Accuracy of 11-Gauge Vacuum-Assisted Core Biopsy of Mammographic Breast Lesions


Background:

Image-guided percutaneous biopsy has largely replaced excisional biopsy of mammographic lesions. Vacuum-assisted core biopsy has improved sampling of such lesions. The objectives of this study were to define the accuracy of the vacuum-assisted 11-gauge stereotactic core biopsy in sampling of atypical ductal hyperplasia (ADH) and ductal carcinoma in situ (DCIS) and to define histologic and mammographic features of target lesions, which predict sampling errors.

Methods:

Between October 1996 and March 2000, 1341 patients underwent stereotactic 11-gauge vacuum-assisted biopsy. Patients with ADH or DCIS were encouraged to undergo excisional biopsy.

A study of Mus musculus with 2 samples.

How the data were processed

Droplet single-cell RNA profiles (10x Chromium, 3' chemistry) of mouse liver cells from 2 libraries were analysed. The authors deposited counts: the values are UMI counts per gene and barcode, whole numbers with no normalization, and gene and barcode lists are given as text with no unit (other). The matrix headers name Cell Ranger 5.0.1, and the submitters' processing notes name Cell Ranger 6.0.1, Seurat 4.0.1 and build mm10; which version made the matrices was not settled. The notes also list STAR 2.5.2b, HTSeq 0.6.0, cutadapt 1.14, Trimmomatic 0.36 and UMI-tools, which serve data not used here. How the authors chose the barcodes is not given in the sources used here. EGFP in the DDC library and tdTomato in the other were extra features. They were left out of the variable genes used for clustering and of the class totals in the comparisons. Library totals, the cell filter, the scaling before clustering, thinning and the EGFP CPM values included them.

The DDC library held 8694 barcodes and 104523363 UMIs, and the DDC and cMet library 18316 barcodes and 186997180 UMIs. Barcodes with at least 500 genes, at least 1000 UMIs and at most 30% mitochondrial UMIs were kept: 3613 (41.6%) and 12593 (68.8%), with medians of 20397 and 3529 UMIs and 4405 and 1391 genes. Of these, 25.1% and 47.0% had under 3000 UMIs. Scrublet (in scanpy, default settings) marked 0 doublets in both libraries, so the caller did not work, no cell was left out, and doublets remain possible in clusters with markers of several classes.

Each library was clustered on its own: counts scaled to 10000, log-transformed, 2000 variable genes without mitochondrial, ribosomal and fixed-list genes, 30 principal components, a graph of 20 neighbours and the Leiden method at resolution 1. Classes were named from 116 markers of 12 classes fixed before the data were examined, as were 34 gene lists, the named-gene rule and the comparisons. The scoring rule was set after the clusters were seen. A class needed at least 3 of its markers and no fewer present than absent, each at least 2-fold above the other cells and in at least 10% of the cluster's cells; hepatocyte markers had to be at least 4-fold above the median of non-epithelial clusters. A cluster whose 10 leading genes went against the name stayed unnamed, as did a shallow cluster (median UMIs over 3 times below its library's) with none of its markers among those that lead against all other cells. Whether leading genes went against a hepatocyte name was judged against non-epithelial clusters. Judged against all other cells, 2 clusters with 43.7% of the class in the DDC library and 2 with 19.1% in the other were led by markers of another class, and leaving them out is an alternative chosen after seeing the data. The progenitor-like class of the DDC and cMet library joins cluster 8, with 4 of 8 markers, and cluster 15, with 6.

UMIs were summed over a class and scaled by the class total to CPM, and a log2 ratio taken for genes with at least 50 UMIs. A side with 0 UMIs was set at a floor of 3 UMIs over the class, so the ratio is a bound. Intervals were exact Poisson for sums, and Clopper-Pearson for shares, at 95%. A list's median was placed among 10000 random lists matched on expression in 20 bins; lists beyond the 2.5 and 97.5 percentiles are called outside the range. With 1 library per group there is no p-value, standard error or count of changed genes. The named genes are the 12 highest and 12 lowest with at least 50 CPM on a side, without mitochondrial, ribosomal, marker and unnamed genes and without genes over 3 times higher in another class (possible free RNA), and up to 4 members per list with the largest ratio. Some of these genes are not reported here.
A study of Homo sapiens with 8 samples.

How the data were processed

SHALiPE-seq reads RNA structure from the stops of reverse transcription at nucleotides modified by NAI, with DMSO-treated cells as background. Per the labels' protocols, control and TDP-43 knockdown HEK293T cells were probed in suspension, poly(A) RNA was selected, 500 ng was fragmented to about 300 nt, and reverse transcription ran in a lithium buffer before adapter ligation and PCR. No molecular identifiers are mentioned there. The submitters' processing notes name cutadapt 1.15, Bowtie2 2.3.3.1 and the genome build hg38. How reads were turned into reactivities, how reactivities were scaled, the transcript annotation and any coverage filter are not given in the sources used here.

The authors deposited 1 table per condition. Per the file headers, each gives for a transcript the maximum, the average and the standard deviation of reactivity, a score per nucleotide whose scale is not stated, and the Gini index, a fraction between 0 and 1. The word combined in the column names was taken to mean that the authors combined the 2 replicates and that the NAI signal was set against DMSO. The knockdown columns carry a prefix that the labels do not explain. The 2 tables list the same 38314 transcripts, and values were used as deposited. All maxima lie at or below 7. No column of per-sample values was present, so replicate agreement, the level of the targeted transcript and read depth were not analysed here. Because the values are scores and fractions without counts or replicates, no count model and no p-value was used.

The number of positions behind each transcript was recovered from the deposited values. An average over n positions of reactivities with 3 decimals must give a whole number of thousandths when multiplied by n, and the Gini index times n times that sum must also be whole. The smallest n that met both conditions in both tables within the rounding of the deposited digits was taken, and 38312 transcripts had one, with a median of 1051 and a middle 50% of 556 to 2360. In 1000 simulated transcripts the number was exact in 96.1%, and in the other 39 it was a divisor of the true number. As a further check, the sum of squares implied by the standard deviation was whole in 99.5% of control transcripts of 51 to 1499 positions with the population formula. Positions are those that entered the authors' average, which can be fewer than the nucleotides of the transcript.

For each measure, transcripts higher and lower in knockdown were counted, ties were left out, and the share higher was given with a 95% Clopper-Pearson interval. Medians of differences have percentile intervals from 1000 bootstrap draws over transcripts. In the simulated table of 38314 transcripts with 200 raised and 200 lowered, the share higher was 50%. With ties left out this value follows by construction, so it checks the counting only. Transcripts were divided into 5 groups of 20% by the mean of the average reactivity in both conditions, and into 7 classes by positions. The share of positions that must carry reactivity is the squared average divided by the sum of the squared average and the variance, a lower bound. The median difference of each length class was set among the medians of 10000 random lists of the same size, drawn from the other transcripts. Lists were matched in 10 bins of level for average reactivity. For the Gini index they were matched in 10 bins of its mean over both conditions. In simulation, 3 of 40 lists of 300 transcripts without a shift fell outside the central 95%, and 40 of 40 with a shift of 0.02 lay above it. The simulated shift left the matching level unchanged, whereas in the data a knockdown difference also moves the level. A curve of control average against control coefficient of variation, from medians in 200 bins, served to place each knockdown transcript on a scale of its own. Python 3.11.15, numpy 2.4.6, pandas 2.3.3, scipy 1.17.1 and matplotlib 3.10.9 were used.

Results:

Surgical excision of 37 ADH lesions revealed 5 missed DCIS lesions and 1 missed invasive cancer. Twelve of 91 DCIS lesions were upstaged to invasive cancer upon excision. The underestimation rate was highest in patients with DCIS when the target lesion for biopsy was a zone of calcifications >1.5 cm. No correlation existed between the histologic features of DCIS lesions diagnosed by stereotactic biopsy and the presence of infiltrating disease on excision.

Conclusions:

Vacuum-assisted 11-gauge stereotactic core biopsy understages 13.2% and 13.5% of DCIS and ADH lesions, respectively. In patients with DCIS found by stereotactic biopsy, a target zone of calcifications >1.5 cm is associated with a higher underestimation rate of infiltrating disease.